Drivers keep turning to satellite radio for audio entertainment. Sirius XM Radio (NASDAQ:SIRI) announced yesterday morning that it closed out the first quarter of 2016 with 465,000 more subscribers than it had three months earlier. The net additions were enough to push the satellite radio provider over the 30 million-subscriber mark.
Self-pay net additions -- the number of drivers paying for the platform after their free trials run out -- improved by 348,000. It's a smaller uptick, but it's still a big number. Sirius XM now has 24.6 million self-pay subscribers on its rolls.
The market wasn't impressed. The stock opened slightly lower on the news, and it closed even lower.
Monday should've been a good day for Sirius XM. It now has a subscriber base of 30.1 million members. It was also the day that IGN Esports Today -- a new show on its Bleacher Report Radio channel -- debuted to provide diehard gamers with a platform to discuss news and analyze the growing realm of multi-player video games. It didn't pan out that way, and that's fine.
Sirius XM initiated its guidance for all of 2016 two months ago, targeting 1.4 million net additions for the entire year. Nabbing a net gain of 465,000 accounts in the first three months of the year would seem to put it on pace to easily top its goal. It closed out the first quarter of last year with 431,000 net new additions, and while the guidance at that point was also raised to 1.4 million for 2015 it wound up closing out the year with 2.3 million more subscribers than it had when the year began.
That's just what Sirius XM does. It low-balls its guidance, giving it room to raise its forecasts with every passing quarter. This doesn't mean that Sirius XM will top 2.3 million this year. Last year offered fertile soil for a pike in car sales, and that's rarely consistent.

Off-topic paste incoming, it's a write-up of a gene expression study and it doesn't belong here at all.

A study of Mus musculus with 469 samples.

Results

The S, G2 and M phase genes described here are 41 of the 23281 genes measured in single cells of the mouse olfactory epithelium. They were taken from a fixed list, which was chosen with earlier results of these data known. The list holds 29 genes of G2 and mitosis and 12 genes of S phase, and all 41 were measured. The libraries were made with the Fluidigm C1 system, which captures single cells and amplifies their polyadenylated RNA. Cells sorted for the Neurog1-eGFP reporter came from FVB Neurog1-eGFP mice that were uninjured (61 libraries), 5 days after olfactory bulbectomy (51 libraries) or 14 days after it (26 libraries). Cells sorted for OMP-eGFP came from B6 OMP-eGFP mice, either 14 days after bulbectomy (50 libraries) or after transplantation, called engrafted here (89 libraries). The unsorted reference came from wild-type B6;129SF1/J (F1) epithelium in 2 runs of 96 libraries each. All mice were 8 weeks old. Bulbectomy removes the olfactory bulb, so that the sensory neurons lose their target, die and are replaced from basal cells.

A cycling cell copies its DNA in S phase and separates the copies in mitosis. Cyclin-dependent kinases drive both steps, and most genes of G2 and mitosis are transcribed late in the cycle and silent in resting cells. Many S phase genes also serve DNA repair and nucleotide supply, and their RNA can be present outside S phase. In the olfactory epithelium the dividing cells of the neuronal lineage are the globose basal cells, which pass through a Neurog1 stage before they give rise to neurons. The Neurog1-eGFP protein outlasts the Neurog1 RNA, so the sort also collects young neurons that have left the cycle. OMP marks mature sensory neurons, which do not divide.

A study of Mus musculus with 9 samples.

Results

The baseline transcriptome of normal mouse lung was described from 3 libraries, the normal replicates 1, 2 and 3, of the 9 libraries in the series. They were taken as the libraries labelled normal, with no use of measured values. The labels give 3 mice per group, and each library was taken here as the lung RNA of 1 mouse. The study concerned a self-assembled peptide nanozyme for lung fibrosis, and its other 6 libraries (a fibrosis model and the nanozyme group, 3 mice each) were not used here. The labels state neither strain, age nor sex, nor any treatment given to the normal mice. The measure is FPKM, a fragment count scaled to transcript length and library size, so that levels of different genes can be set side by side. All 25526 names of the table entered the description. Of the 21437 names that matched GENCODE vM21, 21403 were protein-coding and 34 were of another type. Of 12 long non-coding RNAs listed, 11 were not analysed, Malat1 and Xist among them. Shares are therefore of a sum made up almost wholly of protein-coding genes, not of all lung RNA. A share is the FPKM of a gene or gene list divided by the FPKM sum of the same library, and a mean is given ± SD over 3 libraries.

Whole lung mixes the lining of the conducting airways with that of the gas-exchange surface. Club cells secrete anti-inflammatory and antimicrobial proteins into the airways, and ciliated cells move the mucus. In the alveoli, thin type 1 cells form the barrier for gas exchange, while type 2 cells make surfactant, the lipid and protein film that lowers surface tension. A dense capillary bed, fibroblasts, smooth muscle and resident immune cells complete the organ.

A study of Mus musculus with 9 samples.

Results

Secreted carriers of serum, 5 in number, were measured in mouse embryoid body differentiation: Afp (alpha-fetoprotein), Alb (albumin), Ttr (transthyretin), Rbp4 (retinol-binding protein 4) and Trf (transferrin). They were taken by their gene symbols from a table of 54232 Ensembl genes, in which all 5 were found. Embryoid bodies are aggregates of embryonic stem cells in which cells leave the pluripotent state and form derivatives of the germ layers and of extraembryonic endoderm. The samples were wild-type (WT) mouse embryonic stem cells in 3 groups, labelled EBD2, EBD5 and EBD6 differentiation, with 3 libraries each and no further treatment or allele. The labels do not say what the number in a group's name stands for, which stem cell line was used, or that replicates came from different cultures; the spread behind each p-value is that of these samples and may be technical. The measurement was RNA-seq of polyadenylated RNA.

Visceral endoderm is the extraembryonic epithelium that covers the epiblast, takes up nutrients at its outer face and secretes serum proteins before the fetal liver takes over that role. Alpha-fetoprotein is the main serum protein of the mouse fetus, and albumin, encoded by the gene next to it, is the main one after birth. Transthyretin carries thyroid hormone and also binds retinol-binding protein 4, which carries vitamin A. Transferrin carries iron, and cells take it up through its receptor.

We also can't ignore that Sirius XM scored 394,000 self-pay net additions during the first quarter of 2015. It only clocked in with 348,000 this time around.
This doesn't mean that growth is peaking. Sirius XM is actually just starting to scratch the surface. There are now more than 80 million cars with factory-installed receivers, and that means that Sirius or XM receivers are dormant in more than 50 million of those vehicles.
Penetration rates will continue as more cars rolling off the assembly line with factory-installed receivers replace older vehicles that only offered terrestrial radio. Sirius XM sees 180 million cars with Sirius or XM receivers in 10 years, and even if 130 million of them are dormant we're still talking about 50 million subscribers.
It also bears pointing out that the ceiling isn't merely 66% in subscriber growth between now and 50 million. Sirius XM has been able to grow despite inching its rates higher, and its push into telematics and improving advertising trends suggest average revenue per user will keep inching higher. The market isn't celebrating Sirius XM's 30 million, but it's an achievement that will pay off given this scalable model.